Egypt condemned on Sunday two attacks in the Danish capital, Copenhagen, state television reported.
The first attack took place in a café, where a free speech event was being held, when armed men opened fire, leaving one person dead and three police officers injured.
The meeting was attended by Swedish cartoonist Lars Vilks, who has been repeatedly threatened over his caricatures of the Prophet Muhammad. Several media outlets reported that the meeting was also attended by François Zimeray, the French ambassador to Denmark.
The attack was followed by another in front of a synagogue, where a man was shot dead and two others injured
Though there was no indication of the attacker’s motives, social media networks claim the involvement of religious affiliations with the attack.
Foreign Ministry spokesman Badr Abdel Atty emphasised the importance of respecting religious symbols, especially the Prophet, out of respect for the global Muslim population. However Abdel Atty noted this does not, in any way, justify the use of violence against others.
Last week, three Muslims were shot dead in Chapel Hill in North Carolina, with no clear motives. However it is widely believed that the attack had a religious bases.
Egypt’s Dar Al-Ifta warned against rising Islamophobia in the West, where several anti-Islam marches swept several European countries, including Germany, Austria and Sweden.
Anti-Islamic sentiments reportedly came in response to rising militancy across the world in the name of Islam. These include the Islamic State in Iraq and Al-Sham (ISIS), their affiliates, and Al-Qaeda in the Arab Peninsula (AQAP) who claimed the shooting against the French satirical magazine Charlie Hebdo, that left 12 dead.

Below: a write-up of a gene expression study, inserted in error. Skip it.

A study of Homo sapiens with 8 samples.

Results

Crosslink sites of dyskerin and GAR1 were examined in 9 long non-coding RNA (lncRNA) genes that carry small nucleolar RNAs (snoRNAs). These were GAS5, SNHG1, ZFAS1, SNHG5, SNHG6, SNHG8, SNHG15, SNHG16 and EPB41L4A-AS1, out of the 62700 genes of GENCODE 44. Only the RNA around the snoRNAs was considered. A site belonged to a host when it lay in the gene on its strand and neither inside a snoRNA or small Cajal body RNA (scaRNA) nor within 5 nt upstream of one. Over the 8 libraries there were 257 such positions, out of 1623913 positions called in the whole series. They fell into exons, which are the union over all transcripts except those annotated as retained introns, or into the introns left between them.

ISIS has also claimed several deadly attacks, including the burning alive of a Jordanian pilot, who served as part of the broad coalition led by the US against ISIS. The militant group also claimed the beheading of two Japanese hostages.
On Friday, ”Islamic State” in Libya further claimed the kidnapping and killing of 21 Coptic Egyptian fishermen in Libya. The group published photographs of 21 abducted Copts in Libya in red jumpsuits, guarded by personnel in black clothing and swords.
Egypt’s Foreign Ministry announced Sunday its participation in a video conference held for spokesmen of a number of countries taking part in the coalition against ISIS. Abdel Atty said that the Foreign Ministry, along with Al-Azhar and Dar Al-Ifta, sent a written contribution to the content of the media message that distinguishes between true Islam and the ideologies broadcasted by “terrorist groups, which incite violence and killing”.